A recently developed AI platform is giving medical professionals screening for breast cancer a new, transparent tool for evaluating mammography scans. The research, creates an AI model that evaluates the scans and highlights parts of an image the algorithm finds relevant. The work could help medical professionals determine whether a patient needs an invasive—and often nerve-wracking—biopsy.
“If a computer is going to help make important medical decisions, physicians need to trust that the AI is basing its conclusions on something that makes sense,” Joseph Lo, professor of radiology at Duke and study coauthor said in a press release. “We need algorithms that not only work, but explain themselves and show examples of what they’re basing their conclusions on. That way, whether a physician agrees with the outcome or not, the AI is helping to make better decisions.”
One in every eight women in the US will develop invasive breast cancer during their lifetime. When detected early, a woman has a 93 percent or higher survival rate in the first 5 years.
Mammography, which uses low-energy X-rays to examine breast tissue for diagnosis and screening, is an effective tool for early detection, but requires a highly skilled radiologist to interpret the scans. However, false negatives and positives do occur, resulting in missed diagnosis and up to 40% of biopsied lesions being benign.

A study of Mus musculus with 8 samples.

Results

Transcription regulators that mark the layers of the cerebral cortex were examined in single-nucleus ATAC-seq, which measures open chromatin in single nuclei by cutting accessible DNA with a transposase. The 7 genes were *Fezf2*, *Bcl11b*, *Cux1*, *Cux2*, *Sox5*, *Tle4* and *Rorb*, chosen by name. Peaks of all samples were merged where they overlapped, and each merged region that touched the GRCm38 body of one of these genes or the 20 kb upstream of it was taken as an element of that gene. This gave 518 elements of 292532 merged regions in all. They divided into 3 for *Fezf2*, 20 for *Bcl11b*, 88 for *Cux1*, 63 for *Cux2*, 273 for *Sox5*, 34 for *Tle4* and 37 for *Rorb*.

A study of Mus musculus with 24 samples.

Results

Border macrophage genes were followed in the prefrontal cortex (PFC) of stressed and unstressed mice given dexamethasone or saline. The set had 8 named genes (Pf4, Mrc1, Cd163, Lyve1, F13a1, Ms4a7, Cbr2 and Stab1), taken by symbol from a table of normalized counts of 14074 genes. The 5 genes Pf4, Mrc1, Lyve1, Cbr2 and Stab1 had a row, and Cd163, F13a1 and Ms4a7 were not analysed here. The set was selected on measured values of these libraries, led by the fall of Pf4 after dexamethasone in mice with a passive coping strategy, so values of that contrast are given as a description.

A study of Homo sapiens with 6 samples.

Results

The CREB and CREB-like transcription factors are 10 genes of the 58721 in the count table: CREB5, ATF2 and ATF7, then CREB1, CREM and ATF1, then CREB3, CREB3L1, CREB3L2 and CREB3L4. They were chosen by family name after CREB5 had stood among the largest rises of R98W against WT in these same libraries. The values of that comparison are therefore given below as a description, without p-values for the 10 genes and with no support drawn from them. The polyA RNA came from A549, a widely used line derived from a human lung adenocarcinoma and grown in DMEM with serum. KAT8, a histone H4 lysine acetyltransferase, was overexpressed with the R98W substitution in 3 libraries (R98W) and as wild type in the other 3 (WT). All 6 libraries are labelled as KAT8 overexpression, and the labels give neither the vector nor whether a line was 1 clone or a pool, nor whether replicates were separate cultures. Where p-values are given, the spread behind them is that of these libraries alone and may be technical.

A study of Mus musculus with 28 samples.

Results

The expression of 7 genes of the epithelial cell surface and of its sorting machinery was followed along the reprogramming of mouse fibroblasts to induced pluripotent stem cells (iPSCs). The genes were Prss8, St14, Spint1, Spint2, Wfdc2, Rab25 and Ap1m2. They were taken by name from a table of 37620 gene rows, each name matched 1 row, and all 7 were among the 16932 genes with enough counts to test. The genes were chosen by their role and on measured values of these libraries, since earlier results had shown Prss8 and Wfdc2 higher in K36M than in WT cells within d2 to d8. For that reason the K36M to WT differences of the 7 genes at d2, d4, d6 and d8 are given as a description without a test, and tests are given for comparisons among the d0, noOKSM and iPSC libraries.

Using AI for medical imaging analysis has grown significantly in recent years and offers advantages in interpreting data. Implementing AI models also carries risks, especially when an algorithm fails.
“Our idea was to instead build a system to say that this specific part of a potential cancerous lesion looks a lot like this other one that I’ve seen before,” said study lead and Duke computer science Ph.D. candidate Alina Barnett. “Without these explicit details, medical practitioners will lose time and faith in the system if there’s no way to understand why it sometimes makes mistakes.”
Using 1,136 images from 484 patients within the Duke University Health System, researchers trained the algorithm to locate and evaluate potentially cancerous areas. This was accomplished by training the models to identify unhealthy tissue, or lesions, which often appear as bright or irregular shapes with fuzzy edges on a scan.
Radiologists then labeled these images, teaching the algorithm to focus on the fuzzy edges, also known as margins. Often associated with quick-growing cancerous breast tumor cells, margins are a strong indicator of cancerous lesions. With these carefully labeled images, the AI can compare cancerous and benign edges, and learn to distinguish between them.
The researchers found the AI to be as effective as other machine learning-based mammography models, but it holds the advantage of having transparency in its decision-making. When the model is wrong, a radiologist can see how the mistake was made.
According to the study, the model could also be a useful tool when teaching medical students how to read mammogram scans and for resource-constrained areas of the world lacking cancer specialists.
The code from the study is available through GitHub.